When the MakerBot appeared in 2009, the idea of 3D printing was a bit foreign to all but the most advanced fabricators. Company founder and CEO Bre Pettis says he used to get asked: "So what, do you have to wear special glasses to see it?"
Three years later, Pettis introduced MakerBot's second generation of DIY 3D printers: The MakerBot Replicator 2. You load a digital rendering into the tool's MakerWare software, set it to print, and the £1,400 machine conjures a model from a spool of corn-based plastic.
The biggest improvement between this Replicator and the 2009 version might be the increase in the size of the printout itself—this machine can produce an object 37 times larger than the older version, working from maximum size roughly as big as a shoebox. Another major upgrade is the level of detail—the printer creates the object in layers, and the 100-micron thickness of each layer is so fine now it's nearly undetectable. At a launch event in Brooklyn, Pettis passed around a planetary gear set the Replicator 2 had produced—for a working prototype, it was pretty polished.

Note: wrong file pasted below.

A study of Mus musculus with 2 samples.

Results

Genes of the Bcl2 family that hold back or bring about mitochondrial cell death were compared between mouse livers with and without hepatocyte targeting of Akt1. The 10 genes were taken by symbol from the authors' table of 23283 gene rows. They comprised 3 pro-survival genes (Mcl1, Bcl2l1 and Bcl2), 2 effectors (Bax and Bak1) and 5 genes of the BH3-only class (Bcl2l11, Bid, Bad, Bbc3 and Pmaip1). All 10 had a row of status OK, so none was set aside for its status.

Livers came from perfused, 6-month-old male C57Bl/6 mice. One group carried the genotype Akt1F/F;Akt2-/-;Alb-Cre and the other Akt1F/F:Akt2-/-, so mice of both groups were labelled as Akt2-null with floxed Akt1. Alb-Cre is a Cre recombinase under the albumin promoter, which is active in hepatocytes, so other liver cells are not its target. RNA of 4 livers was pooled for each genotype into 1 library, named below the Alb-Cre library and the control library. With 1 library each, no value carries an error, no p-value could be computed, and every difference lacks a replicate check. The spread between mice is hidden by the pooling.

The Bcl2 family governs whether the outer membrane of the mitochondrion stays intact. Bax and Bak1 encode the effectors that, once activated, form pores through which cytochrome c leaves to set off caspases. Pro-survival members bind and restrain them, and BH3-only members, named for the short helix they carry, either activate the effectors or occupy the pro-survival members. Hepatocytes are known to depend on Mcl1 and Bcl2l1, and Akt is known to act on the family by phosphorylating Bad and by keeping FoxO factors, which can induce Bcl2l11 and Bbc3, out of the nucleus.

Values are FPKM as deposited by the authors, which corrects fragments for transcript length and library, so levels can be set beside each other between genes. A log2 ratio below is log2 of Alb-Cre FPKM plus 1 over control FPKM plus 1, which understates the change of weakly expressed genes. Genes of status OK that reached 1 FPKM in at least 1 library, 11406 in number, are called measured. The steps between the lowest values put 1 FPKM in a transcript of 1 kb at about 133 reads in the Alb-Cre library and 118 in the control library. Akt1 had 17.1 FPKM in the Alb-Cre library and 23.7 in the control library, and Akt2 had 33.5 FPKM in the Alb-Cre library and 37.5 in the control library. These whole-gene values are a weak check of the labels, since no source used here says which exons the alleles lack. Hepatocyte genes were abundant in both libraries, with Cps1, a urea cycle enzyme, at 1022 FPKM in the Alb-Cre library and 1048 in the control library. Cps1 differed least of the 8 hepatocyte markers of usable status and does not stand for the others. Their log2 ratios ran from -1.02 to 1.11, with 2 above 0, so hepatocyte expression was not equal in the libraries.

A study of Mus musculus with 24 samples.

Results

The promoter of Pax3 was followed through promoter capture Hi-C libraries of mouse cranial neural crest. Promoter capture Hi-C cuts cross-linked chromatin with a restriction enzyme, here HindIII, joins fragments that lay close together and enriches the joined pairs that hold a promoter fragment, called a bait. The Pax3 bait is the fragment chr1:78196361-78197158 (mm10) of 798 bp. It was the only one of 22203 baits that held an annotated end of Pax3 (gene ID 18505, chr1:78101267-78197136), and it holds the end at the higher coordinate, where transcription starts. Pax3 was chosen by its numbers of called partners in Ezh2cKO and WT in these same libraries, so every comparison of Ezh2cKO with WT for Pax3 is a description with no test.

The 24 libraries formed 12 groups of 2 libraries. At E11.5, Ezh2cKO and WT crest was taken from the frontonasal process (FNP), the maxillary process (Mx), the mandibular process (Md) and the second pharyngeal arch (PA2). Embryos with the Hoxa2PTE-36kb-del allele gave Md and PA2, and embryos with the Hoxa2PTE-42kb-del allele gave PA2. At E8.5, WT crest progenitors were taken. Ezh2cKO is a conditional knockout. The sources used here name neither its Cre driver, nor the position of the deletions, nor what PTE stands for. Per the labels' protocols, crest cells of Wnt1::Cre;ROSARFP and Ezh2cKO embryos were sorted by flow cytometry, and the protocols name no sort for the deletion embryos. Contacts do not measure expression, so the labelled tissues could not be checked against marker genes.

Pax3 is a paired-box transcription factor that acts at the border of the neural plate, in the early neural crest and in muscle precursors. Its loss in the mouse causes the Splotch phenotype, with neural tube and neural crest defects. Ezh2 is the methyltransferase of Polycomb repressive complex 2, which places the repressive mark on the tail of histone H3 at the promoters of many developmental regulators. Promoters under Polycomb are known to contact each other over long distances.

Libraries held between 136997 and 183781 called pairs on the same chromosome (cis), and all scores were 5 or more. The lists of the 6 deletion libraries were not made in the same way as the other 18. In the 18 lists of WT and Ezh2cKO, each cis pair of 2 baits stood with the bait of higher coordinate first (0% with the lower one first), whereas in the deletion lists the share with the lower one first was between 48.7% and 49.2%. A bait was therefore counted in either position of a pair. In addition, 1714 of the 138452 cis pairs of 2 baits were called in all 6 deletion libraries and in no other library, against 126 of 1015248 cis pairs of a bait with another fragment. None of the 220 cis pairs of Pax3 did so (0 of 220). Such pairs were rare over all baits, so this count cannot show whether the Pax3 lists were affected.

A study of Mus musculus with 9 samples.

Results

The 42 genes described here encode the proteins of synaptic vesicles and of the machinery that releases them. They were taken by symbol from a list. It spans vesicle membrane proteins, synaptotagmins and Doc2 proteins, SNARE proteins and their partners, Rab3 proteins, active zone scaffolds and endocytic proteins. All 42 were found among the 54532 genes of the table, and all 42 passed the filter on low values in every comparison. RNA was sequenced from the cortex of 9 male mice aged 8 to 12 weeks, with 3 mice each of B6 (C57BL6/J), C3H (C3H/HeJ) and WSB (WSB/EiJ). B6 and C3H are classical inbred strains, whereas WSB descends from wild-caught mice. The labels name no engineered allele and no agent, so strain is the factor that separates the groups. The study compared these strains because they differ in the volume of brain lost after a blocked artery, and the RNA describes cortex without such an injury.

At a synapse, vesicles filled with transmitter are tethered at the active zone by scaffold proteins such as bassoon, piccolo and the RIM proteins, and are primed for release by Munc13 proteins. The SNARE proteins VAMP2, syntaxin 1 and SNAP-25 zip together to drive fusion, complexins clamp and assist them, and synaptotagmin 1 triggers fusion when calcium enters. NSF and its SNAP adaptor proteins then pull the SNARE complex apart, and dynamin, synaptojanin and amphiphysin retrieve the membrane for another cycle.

"The printing process used to take hours—now it happens in seconds," Pettis said. The ability to process a job 20 times faster is due to the upgraded software. You just drag a rendering onto a virtual build plate and hit print. But it's also because, as Pettis puts it, the MakerBot team spared little expense in sourcing the components. The resulting £1,400 price tag isn't cheap (the older model, at any rate, was about £1,100). But if it enables a small business to produce a working prototype and get an idea into production, it's easy to see the machine paying for itself.